Mar. 26, 2004 Research report provides 'A scientific assessment of research on the influence of violent television and films, video games, and music "reveals unequivocal evidence that media violence increases the likelihood of aggressive and violent behavior" in children and youth, according to a report published in Psychological Science in the Public Interest, a journal of the American Psychological Society.
The report reviews the large body of research that has investigated the ways in which violent media influence behavior. Across all media genres, the authors found that the research consistently shows that even short-term exposure "increases the likelihood of physically and verbally aggressive behavior, aggressive thoughts, and aggressive emotions."
The authors of the report, "The Influence of Media Violence on Youth," are Craig A. Anderson, Iowa State University; Leonard Berkowitz, University of Wisconsin; Edward Donnerstein, University of Arizona; L. Rowell Huesmann, University of Michigan; James D. Johnson, University of North Carolina-Wilmington; Daniel Linz, University of California, Santa Barbara; Neil M. Malamuth, University of California, Los Angeles; and Ellen Wartella, University of Texas at Austin.
In the short-term, media violence can increase aggression by priming aggressive thoughts and decision processes, increasing physiological arousal, and triggering a tendency to imitate observed behaviors. In the long-term, repeated exposure can produce lasting increases in aggressive thought patterns and aggression-supporting beliefs about social behavior, and can reduce individuals' normal negative emotional responses to violence.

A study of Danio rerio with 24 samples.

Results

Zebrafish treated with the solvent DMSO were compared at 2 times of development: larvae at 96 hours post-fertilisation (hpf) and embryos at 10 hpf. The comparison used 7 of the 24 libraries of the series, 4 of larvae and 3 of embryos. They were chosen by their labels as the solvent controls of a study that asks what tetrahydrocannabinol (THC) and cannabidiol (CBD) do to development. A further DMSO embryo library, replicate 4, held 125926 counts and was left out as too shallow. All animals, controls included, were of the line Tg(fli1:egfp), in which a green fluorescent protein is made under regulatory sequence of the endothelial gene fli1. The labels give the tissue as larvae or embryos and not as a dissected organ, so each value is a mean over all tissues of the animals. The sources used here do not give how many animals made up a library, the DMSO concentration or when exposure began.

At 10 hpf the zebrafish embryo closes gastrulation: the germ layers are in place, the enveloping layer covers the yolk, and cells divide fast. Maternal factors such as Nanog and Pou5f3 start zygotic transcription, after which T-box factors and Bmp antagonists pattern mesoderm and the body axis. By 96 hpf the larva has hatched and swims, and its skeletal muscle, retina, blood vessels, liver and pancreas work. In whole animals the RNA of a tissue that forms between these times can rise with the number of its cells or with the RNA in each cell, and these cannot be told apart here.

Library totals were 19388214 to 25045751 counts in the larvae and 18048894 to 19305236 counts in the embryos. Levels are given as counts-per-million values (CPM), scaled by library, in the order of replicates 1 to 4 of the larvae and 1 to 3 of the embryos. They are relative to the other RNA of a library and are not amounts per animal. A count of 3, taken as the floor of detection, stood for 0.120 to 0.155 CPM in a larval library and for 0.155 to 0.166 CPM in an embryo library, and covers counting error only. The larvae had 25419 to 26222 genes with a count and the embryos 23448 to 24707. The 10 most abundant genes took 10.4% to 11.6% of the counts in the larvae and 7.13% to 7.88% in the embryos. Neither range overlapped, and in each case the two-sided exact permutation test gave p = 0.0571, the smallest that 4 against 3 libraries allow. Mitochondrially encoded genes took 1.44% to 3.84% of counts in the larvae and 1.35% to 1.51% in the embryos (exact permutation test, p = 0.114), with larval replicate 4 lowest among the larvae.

The pervasive nature of violent media in society makes it difficult to minimize children's exposure. Even with parental supervision, interpretation, and control of children's media use, the available research suggests "no one is wholly immune to the effects of media violence."
"Meeting the larger societal challenge of providing children and youth with a much healthier media diet may prove more difficult and costly," the authors wrote, "especially if the scientific, news, public policy, and entertainment communities fail to educate the general public about the real risks of media-violence exposure to children and youth."